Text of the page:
Why Dunkin' Donuts Is Removing 'Donuts' From Its Name What does this rebrand mean for the doughnut franchise?

By Matthew McCreary

Boston Globe | Getty Images

This story originally published on August 29. It was updated on Sept. 25, 2018.

In 1948, William Rosenberg founded a restaurant in Quincy, Mass., called "Open Kettle," selling doughnuts for 5 cents each and cups of coffee for 10. Two years later, Rosenberg renamed the business "Dunkin' Donuts."

Since then, Dunkin' Donuts has grown to have 12,000 locations in 45 countries. The franchise chain serves almost 2 billion cups of coffee every year -- at a price a lot higher than 10 cents.

Many things have changed, but the name has been the same.

That is going to change. The company has been testing a name change to "Dunkin'" for about a year now, and there are already some restaurants which do not contain the word "Donuts" on their store signs. According to a press release, that change will go company-wide starting in January 2019.

"Dunkin' Donuts has been on a first-name basis with its fans," read the press release, "long before the introduction of its iconic tagline, 'America Runs on Dunkin',' with customers around the world naturally and affectionately referring to the brand as 'Dunkin'.' In recognition of this relationship, and as one of many steps to transform itself into the premier beverage-led, on-the-go brand, the company today unveiled its new branding at its Global Franchisee Convention that officially recognizes its name as simply 'Dunkin'.'"

In a previous release by Dunkin' Donuts, the company said it intended to continue testing this brand change. That testing will start in a familiar location -- Quincy, Mass., where the first Dunkin' Donuts opened.


That's not the only thing that's changing, either. Dunkin' Donuts says it wants to focus on improving and changing seven other aspects. They are:

  1. Restaurant design. The company plans to use lighter-colored materials, more open layouts and more natural light.
  2. A faster drive-thru experience. Customers who order ahead on Dunkin's Mobile App could skip the drive-thru lane and merge straight into the line for the pickup window.
  3. Beverages on tap. According to Dunkin', "crew members will use top-quality flavor-maximizing espresso machines to make hand-crafted drinks to order."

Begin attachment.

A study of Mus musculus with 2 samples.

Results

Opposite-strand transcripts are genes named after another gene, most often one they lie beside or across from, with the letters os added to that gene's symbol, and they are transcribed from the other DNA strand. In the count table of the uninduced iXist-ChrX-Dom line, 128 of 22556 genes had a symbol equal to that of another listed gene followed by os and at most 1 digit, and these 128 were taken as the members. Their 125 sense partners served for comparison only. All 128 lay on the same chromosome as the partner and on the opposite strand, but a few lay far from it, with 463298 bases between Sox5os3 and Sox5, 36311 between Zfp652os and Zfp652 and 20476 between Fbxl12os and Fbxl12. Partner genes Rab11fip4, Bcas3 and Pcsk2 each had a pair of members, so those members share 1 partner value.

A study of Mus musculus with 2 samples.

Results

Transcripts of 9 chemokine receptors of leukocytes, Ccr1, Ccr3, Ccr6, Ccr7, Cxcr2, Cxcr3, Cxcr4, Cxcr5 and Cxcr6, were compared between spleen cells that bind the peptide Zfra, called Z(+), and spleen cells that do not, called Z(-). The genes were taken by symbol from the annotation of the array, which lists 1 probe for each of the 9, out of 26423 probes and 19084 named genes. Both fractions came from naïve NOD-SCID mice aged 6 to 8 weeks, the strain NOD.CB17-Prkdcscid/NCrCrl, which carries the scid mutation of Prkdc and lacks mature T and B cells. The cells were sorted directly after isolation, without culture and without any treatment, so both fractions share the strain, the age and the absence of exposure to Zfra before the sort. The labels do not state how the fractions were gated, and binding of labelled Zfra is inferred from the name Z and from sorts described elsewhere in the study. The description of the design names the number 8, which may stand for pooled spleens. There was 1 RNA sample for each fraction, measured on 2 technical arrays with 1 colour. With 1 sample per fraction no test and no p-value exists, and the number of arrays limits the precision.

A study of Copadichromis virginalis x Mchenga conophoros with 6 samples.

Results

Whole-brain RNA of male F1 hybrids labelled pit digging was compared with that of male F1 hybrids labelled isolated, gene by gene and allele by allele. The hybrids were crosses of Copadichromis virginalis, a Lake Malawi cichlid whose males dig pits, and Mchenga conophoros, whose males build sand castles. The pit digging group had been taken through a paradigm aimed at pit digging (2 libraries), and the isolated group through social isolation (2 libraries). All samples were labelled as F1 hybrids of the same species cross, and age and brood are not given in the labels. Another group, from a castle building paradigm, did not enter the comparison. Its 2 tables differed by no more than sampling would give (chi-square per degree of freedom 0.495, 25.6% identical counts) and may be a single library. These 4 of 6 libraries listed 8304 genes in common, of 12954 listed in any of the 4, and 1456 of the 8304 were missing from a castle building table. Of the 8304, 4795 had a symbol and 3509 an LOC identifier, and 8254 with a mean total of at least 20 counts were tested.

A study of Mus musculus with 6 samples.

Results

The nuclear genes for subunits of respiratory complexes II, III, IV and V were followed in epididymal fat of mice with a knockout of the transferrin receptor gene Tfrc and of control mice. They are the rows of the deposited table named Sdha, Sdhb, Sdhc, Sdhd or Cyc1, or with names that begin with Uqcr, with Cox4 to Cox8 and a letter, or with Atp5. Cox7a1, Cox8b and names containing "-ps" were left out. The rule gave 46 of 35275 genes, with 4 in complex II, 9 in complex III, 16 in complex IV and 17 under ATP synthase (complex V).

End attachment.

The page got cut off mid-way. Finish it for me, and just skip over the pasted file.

4. Order online or at a kiosk. Guests will be able to order with or without a crew member, and those who use the mobile app will be able to pick up their orders in a dedicated area.
  5. New uniforms. These uniforms will also be introduced in the Quincy store, and Dunkin' Donuts says they will be designed by lifestyle brand Life is Good.
  6. Greater grab-and-go selection. For those who are in a rush, Dunkin' plans to expand its offerings to include bottled beverages, bananas, mini oranges, applesauce, granola and more so you can grab it and go.
  7. Increased energy efficiency. According to the release, the Quincy store is designed to save 25 percent more energy than a typical Dunkin' Donuts.

All of these things sound good and important. Who wouldn't want to increase energy efficiency, or have a faster drive-thru experience? But of course, all of those changes are going to be overshadowed in the short term by the company's name change, which is intended to highlight Dunkin's drink offerings.


Will the gamble to transition from focusing on doughnuts to drinks pay off? Will the company change its name back within a matter of months, the way IHOP did when it briefly called itself IHOb, or will this name last another 68 years?

More importantly, how do you feel about the rebrand right now?

Matthew McCreary

Entrepreneur Staff

Associate Editor, Contributed Content

Matthew McCreary is the associate editor for contributed content at Entrepreneur.com.